Seven out of 10 journalists reporting on pandemic are suffering mental health issues, according to survey


Seven out of 10 journalists reporting on pandemic are suffering mental health issues: A survey of journalists from news outlets around the globe has found that around 70% have reported experiencing mental health issues including anxiety and depression,

The survey, which was carried out in June by The Reuters Institute for the Study of Journalism and the University of Toronto, found that more than a quarter (26%) of the reporters polled said they were experiencing 'clinically significant' anxiety, which, notes the survey, is in line with a diagnosis of generalised anxiety disorder.

The early findings of the survey have been published so that organisations are able to offer journalists the support they need, according to an article on Reuter's website.

The research was led by Dr. Anthony Feinstein, a neuropsychiatrist and Professor of Psychiatry at the University of Toronto and Meera Selva, Director of the Journalist Fellowship Programme at Reuters Institute for the Study of Journalism.  The study builds on previous work conducted by Dr. Feinstein, looking at how journalists are affected by reporting on extreme events such as the 9/11 terror attacks and the Iraq war.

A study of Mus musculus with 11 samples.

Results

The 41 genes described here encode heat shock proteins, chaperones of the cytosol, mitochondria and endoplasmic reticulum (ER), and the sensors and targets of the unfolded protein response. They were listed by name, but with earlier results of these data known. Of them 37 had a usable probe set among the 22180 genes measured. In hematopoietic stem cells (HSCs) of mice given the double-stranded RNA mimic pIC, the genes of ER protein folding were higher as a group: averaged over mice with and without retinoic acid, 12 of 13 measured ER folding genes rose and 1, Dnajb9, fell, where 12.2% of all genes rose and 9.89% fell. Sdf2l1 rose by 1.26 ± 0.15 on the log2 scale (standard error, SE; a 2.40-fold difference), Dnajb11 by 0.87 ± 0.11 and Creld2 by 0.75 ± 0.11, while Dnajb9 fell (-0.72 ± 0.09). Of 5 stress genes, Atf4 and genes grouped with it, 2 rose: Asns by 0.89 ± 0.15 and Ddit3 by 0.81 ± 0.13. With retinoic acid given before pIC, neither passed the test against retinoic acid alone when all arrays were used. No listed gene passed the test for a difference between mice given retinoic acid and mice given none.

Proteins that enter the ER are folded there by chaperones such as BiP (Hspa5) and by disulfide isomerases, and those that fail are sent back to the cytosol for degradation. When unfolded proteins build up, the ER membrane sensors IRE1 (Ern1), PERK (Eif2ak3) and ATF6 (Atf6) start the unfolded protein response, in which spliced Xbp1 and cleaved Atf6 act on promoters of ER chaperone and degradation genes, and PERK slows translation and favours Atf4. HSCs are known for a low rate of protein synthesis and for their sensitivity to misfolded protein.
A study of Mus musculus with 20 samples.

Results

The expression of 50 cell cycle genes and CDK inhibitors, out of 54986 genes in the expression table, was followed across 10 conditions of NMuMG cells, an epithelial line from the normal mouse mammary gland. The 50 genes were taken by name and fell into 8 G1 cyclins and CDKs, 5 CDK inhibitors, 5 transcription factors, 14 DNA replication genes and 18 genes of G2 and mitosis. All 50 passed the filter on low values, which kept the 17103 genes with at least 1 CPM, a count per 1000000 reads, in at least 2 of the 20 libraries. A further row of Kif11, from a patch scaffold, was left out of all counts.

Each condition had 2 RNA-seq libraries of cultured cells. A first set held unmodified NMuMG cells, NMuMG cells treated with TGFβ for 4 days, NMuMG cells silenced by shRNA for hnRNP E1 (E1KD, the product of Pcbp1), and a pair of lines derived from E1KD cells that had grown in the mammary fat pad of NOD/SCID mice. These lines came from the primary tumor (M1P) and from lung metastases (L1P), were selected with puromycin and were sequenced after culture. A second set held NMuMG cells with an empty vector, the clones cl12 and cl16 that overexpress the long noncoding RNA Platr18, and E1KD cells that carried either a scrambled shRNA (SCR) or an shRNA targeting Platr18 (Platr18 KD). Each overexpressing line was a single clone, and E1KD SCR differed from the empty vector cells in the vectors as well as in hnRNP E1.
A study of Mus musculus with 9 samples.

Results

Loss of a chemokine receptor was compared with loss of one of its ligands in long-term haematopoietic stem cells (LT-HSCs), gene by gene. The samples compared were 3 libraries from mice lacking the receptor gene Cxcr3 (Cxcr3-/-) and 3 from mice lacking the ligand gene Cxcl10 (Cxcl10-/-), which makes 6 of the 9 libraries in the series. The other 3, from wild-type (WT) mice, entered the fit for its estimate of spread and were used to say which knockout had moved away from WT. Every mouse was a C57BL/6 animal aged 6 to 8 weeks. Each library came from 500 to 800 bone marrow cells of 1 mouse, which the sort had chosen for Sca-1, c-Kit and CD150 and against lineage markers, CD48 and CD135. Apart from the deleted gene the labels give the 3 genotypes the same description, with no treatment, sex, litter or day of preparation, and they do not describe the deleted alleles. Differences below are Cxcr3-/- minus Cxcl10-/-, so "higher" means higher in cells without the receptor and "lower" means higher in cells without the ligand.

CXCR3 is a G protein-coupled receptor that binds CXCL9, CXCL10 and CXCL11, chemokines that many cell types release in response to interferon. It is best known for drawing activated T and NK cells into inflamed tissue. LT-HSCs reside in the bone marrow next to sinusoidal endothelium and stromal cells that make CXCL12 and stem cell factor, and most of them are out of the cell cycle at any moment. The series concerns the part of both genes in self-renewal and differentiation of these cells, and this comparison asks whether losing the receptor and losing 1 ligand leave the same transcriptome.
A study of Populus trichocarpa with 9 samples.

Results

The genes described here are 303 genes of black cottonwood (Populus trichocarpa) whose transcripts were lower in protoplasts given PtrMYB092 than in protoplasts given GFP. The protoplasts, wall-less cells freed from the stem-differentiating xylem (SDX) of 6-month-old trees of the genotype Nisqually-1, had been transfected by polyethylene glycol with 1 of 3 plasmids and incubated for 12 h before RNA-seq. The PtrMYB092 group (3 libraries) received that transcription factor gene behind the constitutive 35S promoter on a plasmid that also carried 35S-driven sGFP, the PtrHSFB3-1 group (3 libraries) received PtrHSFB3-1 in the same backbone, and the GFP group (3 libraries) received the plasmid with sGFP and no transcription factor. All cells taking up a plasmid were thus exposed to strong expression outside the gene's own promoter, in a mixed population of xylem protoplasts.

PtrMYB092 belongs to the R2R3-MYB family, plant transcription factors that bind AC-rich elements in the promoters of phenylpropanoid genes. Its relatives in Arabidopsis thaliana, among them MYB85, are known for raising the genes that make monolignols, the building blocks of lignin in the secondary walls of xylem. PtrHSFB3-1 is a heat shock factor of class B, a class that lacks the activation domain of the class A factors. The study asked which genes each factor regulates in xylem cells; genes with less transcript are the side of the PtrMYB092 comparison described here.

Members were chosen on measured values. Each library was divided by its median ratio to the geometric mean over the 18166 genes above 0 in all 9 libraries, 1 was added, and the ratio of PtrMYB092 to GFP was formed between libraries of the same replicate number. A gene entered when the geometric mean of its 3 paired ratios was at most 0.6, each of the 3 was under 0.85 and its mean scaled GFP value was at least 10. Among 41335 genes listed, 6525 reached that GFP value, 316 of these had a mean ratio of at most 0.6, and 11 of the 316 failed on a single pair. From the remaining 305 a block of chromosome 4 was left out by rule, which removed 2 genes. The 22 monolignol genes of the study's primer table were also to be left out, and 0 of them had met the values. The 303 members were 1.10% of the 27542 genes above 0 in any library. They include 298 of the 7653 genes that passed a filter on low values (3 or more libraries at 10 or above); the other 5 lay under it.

This most recent study on the effects of COVID-19 found that around 11% of journalists have suffered with symptoms of post traumatic stress disorder (PTSD).

Findings revealed that while only 4% of the respondents polled were dedicated health journalists, almost three quarters (74%) said they are now reporting on issues to do with health linked to the outbreak. 

More than two-fifths (42%) of the respondents polled said they know of a journalist who has contracted COVID-19, however, just one in the sample of 73 who were surveyed said they had been taken ill by the disease. 

Six in 10 journalists (60%) said that since the pandemic they are working longer hours, while the same percentage said they had experienced more demand for stories due to the pandemic. 

The survey authors note the stresses of having to cover a 'new, complex beat', alongside a significant shift in working patterns may have contributed to the high levels of mental health issues reported. 

When asked about how supportive their organisation has been thus far, respondents on average gave their employer six out of 10 (where 10 was very supportive and 0, not supportive at all). When asked about how stressful they have found their work during the pandemic they also rated it six out of ten on average.